Sinn Fein has secured a historic victory by becoming the largest single party in the Northern Ireland Assembly. With 88 of the 90 Stormont seats declared, the republican party has won 27, putting it ahead of the Democratic Unionist Party (DUP) which fell by three seats to 24.
The victory means Sinn Fein is entitled to the post of First Minister in Belfast, a first for an Irish nationalist party since Northern Ireland was founded as a Protestant-majority state in 1921.
The two Sinn Féin candidates who brought the party’s total 27 MLAs were Colm Gildernew and Áine Murphy in Fermanagh and South Tyrone.
The DUP’s Deborah Erskine was also returned.
Sinn Fein vice-president Michelle O’Neill said shortly before the final results were announced: “Today ushers in a new era.”
He continued: “Irrespective of religious, political or social backgrounds, my commitment is to make politics work.”
It is the first time a party seeking a united Ireland has topped the poll in the elections for the Northern Ireland Assembly and its success is predicted to lead to further stalemate in the province and uncertainty over border arrangements.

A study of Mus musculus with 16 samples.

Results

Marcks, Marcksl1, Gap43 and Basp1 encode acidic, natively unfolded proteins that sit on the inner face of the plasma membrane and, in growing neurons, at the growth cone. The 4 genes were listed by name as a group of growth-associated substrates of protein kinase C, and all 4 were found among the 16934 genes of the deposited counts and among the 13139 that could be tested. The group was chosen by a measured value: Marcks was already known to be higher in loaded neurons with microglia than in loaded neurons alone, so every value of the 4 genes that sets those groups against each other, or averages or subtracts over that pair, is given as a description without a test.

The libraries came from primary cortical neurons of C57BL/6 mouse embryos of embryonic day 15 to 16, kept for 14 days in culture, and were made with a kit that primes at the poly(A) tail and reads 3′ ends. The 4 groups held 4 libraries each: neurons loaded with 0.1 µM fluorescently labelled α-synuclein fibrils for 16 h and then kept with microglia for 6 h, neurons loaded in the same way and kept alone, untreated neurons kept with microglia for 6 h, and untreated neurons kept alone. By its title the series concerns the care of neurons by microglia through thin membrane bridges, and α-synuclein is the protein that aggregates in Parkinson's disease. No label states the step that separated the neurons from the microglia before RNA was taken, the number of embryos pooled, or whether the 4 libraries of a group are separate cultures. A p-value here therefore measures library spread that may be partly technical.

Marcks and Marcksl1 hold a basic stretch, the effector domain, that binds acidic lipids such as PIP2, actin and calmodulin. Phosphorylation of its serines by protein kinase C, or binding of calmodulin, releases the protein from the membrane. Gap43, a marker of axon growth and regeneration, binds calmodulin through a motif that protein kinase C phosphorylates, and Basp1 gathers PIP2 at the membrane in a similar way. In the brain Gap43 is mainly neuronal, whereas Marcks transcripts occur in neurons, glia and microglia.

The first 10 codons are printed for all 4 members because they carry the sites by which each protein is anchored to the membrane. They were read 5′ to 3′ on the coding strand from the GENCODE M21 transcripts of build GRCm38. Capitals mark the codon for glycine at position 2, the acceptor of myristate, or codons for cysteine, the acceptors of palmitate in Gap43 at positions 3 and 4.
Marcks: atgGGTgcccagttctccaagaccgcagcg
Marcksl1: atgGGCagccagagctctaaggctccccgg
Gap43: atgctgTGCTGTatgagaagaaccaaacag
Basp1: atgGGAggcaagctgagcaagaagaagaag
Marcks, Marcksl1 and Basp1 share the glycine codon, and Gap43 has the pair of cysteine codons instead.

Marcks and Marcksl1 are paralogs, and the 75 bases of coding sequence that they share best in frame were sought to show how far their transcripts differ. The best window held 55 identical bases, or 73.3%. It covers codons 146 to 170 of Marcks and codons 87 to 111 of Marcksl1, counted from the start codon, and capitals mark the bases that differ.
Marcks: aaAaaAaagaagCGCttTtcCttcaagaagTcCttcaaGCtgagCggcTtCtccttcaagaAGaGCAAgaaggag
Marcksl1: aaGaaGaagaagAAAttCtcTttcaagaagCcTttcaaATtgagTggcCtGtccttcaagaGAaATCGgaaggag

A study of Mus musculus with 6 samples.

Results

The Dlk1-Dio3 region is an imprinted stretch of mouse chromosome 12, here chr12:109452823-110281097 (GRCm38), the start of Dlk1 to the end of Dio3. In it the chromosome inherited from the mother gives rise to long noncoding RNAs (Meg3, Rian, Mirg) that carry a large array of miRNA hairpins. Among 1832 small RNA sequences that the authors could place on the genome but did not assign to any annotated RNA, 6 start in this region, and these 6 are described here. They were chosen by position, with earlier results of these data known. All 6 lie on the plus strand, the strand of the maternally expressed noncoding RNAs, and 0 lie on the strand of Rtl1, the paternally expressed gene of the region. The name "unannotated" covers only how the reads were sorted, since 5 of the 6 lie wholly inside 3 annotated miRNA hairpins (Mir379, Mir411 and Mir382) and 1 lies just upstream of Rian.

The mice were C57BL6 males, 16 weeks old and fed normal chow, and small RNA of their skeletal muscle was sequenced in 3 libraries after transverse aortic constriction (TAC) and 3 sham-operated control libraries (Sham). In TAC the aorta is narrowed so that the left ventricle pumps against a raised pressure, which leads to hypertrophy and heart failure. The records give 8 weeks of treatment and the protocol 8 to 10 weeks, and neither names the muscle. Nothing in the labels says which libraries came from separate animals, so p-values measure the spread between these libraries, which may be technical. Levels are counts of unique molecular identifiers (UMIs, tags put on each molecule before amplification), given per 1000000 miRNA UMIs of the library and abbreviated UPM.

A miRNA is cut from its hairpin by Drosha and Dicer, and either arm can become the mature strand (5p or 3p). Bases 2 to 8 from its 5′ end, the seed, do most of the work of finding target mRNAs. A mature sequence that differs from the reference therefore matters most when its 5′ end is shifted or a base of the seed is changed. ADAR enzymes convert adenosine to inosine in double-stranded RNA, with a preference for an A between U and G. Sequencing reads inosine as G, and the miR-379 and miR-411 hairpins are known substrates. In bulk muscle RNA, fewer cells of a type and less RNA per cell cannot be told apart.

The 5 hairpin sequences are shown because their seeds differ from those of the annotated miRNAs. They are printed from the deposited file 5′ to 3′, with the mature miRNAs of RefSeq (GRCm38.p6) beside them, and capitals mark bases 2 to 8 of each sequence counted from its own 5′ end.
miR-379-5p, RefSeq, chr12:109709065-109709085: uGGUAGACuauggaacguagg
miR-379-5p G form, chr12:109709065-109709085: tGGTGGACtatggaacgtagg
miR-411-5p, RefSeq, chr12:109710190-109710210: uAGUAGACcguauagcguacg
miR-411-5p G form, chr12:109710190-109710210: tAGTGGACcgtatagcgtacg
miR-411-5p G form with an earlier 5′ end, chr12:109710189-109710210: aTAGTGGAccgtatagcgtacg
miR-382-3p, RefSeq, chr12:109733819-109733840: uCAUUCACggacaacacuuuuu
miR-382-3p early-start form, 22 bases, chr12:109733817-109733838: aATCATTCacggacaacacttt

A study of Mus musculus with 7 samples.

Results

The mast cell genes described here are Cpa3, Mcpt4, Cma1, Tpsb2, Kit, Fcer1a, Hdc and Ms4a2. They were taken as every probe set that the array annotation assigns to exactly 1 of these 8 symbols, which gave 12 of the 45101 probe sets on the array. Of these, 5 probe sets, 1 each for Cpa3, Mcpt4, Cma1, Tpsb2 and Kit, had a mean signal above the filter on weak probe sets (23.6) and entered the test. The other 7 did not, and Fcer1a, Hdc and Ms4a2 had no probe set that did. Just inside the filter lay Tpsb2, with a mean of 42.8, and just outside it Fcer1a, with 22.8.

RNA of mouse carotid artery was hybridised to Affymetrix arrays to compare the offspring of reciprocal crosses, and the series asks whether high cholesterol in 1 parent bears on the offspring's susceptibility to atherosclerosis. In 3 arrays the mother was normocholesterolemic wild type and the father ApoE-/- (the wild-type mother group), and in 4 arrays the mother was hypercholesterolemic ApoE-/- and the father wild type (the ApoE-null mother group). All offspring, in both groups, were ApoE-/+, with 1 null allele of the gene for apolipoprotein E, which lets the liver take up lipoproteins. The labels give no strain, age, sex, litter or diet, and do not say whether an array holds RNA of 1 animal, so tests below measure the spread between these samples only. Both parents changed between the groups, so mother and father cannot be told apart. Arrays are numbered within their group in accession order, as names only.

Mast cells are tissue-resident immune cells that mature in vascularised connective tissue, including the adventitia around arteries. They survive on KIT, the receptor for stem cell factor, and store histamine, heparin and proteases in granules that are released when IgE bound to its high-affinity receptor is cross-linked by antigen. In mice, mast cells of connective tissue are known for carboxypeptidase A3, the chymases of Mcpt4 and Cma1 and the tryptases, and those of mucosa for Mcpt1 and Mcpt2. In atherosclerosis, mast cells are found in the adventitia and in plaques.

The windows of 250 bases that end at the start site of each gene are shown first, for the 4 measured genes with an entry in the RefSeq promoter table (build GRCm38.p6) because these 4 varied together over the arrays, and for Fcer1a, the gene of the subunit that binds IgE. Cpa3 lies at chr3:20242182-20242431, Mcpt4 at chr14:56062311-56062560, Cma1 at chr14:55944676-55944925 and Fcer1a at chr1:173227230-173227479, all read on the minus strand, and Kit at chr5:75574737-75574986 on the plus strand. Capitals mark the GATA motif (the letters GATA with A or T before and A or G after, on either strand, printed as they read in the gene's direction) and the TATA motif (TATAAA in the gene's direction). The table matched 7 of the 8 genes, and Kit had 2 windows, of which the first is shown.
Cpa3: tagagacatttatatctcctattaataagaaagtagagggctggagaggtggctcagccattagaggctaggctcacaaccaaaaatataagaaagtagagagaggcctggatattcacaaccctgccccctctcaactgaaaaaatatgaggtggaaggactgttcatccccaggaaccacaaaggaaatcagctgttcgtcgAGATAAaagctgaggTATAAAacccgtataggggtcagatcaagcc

Sinn Fein had received the largest share of first-preference votes in last Thursday’s elections, at 29 percent, and its symbolic victory was confirmed when the counting of constituency seats under the complex transferable vote system was completed on Saturday evening.
US State Department spokesperson Ned Price said: “On May 5, the people of Northern Ireland voted in the seventh election for their devolved legislature since the 1998 Belfast/Good Friday Agreement.
“We call on Northern Ireland’s political leaders to take the necessary steps to re-establish a power-sharing executive, which is one of the core institutions established by the Belfast/Good Friday Agreement.
“Critical and immediate challenges concerning the economy, health, and education are best addressed through the collective efforts of a devolved government chosen by, and accountable to, its people.
“The United States enjoys a deep and long-standing relationship with Northern Ireland, grounded in ties of kinship, culture, commerce, and shared values.
“We look forward to continuing our work with democratic partners in Northern Ireland, and with the Governments of the United Kingdom and Ireland, to support peace, prosperity, and stability across the region.”